Brandi Carlile had nothing but good things to say about the Twin Cities’ newest concert venue last Wednesday.
“I love this room,” the folk-country singer-songwriter told the sold-out club. “It just feels right.”
The club in question was the Fillmore Minneapolis—or, more thoroughly and pedantically, The Fillmore Presented by Affinity Plus Federal Credit Union. (The new site traded in some cool points ahead of opening night for the perks of corporate sponsorship.) Nestled just beyond Target Field in the North Loop, the 1,850-capacity venue launched a week ago with a three-night-stand from Carlile, including a Valentine’s Day show, followed by three nights of the locally spawned emos Motion City Soundtrack.
The Fillmore is operated by Live Nation. That name may not mean anything to you, but if you’re a regular concertgoer you’ve almost certainly attended a show they’ve had a hand in bringing to town. The national promoters book concerts throughout the Twin Cities, at sites as big as the Xcel Energy Center and Target Center, as intimate as the Orpheum Theatre. Live Nation manages the Varsity in Dinkytown and operates as a partnership with the Armory. (Live Nation also owns Ticketmaster, a name you certainly know and almost just as certainly do not trust.)
But the Fillmore marks the company’s first attempt to establish a brick-and-mortar presence in downtown Minneapolis since the Quest, which went kaput in 2006. And the venue is part of a complex spearheaded by United Properties, which is owned by the Pohlad family, who also own the baseball team that plays next door to the Fillmore. There’s a 160-room Element by Westin hotel and a Trax Burgers and Bar. Clearly this time they plan to stay.
With the ability to take in 300 more paying customers than the storied club less than a mile away, the Fillmore seems positioned to rival First Avenue’s ever-expanding club and booking empire. And for over a year now, people in town have been speculating about how much of an impact the Fillmore will have on the local music scene. As of yet, speculate is all we can do. But now that we’ve been inside the club itself, we can at least let you know what you’ll see and hear if you go, and whether it’s worth a trip.
And the answer is: Uh, sure. It’s fine.
On opening night, there were some minor snags in getting people through the doors and past security, though nothing out of the ordinary, and nothing anyone would have noticed if the temps had been above zero. Once you’re in, you pass through a wide lobby with the club name glowing on the opposite wall. The decor isn’t distinctive but it’s not neutral. The general admission floor itself is pretty tightly packed with bodies, but hardly a challenge to anyone with decent club-navigation instincts. Chandeliers dangle picturesquely from high above.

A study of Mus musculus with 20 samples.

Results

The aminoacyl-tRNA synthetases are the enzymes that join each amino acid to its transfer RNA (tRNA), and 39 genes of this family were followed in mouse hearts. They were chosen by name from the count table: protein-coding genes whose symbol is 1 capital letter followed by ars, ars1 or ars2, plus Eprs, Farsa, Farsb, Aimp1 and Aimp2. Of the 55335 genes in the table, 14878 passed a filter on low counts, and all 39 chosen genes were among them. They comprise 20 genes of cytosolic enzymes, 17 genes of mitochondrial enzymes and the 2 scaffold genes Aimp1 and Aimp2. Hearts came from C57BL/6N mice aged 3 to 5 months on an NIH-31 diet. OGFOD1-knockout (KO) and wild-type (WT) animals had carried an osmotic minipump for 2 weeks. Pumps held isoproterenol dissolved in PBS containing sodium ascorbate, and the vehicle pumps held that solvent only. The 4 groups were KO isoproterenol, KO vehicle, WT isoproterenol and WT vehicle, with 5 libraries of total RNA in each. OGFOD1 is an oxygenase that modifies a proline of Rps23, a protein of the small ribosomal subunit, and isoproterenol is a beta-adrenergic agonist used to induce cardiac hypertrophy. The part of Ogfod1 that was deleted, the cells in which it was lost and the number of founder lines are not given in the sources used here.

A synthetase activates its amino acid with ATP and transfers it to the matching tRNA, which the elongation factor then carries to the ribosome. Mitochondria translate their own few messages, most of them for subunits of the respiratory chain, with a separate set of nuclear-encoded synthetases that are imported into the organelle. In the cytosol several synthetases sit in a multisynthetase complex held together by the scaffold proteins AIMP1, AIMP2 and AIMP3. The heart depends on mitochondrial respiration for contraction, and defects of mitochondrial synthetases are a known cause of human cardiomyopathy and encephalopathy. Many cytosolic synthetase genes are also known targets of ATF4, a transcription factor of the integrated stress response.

The second floor is where the Fillmore distinguishes itself. Tromp up some broad staircases and you’ll find a balcony that wraps around the second floor, offering excellent vantage points. Those privileged sightlines are, as you might guess, reserved for those who shell out for the VIP packages. But the upper level is accessible to the common folk too. There’s a mural of Prince, of course, and folks were snapping pics of it. And if it’s all too much for you, the most comfy seats in the house are in a mini-lounge area: You can’t see the stage from them, but there is a monitor, so you won’t totally miss out.
What’s most notable about the Fillmore, from a Minneapolis perspective, is that it was constructed from the ground up. In our city of repurposed Greyhound stations and Armories, a music venue built as a music venue is a rarity. So the sight lines are excellent and the sound is clear. It’s designed to present a concert.
Still, the Fillmore is not unique—Live Nation owns nine iterations of the venue in cities across the country. That makes our new club the music venue equivalent of a chain restaurant—a comparison that, depending on how snobby you are, may sound more disparaging than intended. It’s market-tested, yes, and feels both “new” and yet somehow familiar. And that’s where the Fillmore name comes into play.
The pedigree “Fillmore” invokes hardly means much to anybody under 40, or maybe 50. The clubs established in San Francisco and New York by pioneering promoter Bill Graham have a special place in rock history, though, and that borrowed tradition is enough to give the new Fillmore a pre-established semblance of an identity, especially if you’re not a hardcore showgoer.
And it’s not the hardcore showgoer the Fillmore seems to be targeting. Rather than attacking First Ave head-on for bookings, the Fillmore seems to be locating the sorts of acts that will sell to underserviced suburban audiences looking for a night out in the city. That means older blues acts for deep-pocketed Boomers (who might also make a weekend out of it) and scrappy rock shows for younger fans.
Unlike First Ave, the Fillmore isn’t likely to inspire brand loyalty, though if it sticks around it’ll become a part of our mental landscape. In the end, its success will come down to a simple equation: Is it booking acts you want to see at a price you’re willing to pay?